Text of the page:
AstraZeneca still being hammered by patent expirations

AstraZeneca – The world's fifth-largest pharma was formed in 1993 through a merger. Its market cap is £36.4 billion, and it has a global workforce of 52,700. AstraZeneca operates the AstraZeneca Hope Lodge, which provides free housing to cancer patients being treated in the Philadelphia area.

British-based drugmaker AstraZeneca Plc, which has its regional headquarters in Wilmington, said Thursday morning that revenue and profit declined for 2012 and would do so again in 2013.

The company said in a statement that it expected sales revenue in 2013 to decline in the "mid-to-high single digits," using constant currency exchange rates. With operating costs likely to be slightly higher, the earnings per share will decline by more than that.

The company did not announce any further layoffs, having reduced its workforce several times in the last couple years.

AstraZeneca released its 2012 fourth quarter and full-year results before the stock market opened Thursday morning in London and chief executive officer Pascal Soriot spoke with reporters on a conference call.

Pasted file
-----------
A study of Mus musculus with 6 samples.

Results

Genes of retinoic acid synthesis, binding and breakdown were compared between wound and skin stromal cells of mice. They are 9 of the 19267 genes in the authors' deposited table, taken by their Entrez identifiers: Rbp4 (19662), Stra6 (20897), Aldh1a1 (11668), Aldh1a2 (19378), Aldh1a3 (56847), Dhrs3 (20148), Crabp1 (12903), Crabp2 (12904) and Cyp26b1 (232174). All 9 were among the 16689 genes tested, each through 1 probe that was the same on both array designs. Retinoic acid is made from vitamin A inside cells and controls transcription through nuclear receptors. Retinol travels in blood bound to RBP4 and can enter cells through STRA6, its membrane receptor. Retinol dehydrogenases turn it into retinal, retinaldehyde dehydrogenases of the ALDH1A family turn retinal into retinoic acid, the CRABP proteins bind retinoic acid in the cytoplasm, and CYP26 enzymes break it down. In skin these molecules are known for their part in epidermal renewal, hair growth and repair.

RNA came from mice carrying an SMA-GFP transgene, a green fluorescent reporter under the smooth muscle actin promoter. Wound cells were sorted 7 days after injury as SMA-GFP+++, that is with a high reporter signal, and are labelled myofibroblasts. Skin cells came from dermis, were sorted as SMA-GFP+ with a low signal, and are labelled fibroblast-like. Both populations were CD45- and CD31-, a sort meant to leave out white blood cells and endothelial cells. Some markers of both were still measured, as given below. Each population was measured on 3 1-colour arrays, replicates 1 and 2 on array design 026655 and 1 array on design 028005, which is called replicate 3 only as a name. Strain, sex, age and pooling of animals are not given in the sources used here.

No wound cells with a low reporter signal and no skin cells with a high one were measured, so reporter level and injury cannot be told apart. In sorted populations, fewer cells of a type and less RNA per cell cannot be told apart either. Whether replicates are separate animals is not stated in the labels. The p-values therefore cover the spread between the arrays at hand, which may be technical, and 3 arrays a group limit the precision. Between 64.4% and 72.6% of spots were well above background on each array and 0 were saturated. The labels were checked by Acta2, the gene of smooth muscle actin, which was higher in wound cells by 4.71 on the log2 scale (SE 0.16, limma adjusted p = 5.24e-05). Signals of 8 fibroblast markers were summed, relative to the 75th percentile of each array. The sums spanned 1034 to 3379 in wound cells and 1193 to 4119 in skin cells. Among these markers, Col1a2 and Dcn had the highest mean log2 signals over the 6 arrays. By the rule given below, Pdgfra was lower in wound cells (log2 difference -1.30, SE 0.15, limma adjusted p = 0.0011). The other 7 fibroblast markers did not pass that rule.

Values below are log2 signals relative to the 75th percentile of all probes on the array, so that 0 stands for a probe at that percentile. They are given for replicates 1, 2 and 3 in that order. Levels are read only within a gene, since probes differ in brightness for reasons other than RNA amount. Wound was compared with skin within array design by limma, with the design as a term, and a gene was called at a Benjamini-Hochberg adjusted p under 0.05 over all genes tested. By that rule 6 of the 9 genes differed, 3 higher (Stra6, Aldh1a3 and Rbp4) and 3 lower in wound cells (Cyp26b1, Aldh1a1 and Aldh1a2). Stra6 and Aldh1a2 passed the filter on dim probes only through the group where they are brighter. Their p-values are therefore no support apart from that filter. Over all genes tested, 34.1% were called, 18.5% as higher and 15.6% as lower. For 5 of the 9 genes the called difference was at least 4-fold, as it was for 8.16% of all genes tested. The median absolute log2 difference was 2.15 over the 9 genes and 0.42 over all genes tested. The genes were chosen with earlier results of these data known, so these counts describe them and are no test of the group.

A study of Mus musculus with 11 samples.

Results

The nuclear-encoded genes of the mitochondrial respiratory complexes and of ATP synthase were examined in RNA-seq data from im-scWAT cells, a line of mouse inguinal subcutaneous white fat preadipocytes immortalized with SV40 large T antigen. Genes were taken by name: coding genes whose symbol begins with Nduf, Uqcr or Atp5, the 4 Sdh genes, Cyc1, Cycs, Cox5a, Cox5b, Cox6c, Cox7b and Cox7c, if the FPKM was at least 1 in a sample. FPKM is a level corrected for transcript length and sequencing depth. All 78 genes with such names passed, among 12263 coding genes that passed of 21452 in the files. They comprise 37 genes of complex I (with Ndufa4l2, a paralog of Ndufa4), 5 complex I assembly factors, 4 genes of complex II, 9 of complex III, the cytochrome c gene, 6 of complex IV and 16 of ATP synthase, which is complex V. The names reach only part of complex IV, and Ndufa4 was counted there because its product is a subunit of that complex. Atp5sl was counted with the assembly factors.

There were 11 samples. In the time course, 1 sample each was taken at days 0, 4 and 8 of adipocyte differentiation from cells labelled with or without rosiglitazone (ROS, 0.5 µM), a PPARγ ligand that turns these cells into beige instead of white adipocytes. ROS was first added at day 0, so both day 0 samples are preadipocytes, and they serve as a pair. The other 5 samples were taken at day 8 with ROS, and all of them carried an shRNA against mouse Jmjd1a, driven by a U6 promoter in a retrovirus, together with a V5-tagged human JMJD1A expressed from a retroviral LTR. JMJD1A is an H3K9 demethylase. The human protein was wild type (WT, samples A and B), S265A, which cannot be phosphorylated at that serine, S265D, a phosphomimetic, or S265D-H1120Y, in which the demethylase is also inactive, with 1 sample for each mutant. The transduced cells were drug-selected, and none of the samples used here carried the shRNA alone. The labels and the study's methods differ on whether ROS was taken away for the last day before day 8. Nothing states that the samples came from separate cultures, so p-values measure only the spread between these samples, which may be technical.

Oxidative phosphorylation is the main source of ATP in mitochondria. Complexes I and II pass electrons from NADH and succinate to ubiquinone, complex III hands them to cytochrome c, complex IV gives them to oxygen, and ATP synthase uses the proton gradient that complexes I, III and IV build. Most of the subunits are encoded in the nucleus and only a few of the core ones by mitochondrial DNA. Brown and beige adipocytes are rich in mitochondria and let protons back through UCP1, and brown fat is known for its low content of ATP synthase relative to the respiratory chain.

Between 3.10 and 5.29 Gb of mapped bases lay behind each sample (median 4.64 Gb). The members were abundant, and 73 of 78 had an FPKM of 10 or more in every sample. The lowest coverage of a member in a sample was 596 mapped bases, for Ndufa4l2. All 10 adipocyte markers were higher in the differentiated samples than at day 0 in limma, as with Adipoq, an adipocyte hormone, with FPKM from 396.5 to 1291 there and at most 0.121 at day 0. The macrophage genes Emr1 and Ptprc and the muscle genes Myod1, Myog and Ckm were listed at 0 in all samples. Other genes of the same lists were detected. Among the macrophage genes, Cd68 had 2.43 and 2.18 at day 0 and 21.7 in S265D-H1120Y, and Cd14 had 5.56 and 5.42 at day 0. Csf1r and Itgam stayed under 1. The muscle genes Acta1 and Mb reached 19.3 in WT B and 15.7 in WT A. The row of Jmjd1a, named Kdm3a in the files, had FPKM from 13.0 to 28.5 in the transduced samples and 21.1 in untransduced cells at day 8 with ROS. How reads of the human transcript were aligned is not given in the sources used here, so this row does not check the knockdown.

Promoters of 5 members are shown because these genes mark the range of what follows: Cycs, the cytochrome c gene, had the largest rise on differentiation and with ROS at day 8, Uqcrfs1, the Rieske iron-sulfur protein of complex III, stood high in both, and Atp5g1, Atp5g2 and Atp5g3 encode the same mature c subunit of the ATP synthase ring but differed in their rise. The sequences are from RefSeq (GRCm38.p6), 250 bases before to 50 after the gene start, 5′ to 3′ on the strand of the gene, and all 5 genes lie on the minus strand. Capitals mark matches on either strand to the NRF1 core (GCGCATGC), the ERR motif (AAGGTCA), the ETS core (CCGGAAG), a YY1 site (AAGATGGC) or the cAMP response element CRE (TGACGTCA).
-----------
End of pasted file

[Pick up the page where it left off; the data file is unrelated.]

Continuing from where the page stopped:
"Our results in 2012 reflect a period of severe patent expiration," Soriot said.

When drugs lose market exclusivity brought on by a patent, generic competitors enter the market with products at much lower costs, resulting in revenue losses for the branded-drug company.

AstraZeneca's full-year revenue fell from $33.59 billion in 2011 to $27.97 billion in 2012, with net profit falling from $10.02 billion to $6.30 billion in the same period.

By the company's math, patent expiration in various parts of the world for four drugs - Seroquel IR, Atacand, Nexium, Merrem - accounted for 85 percent of the revenue decline.

The company's press release, with the numbers, is here.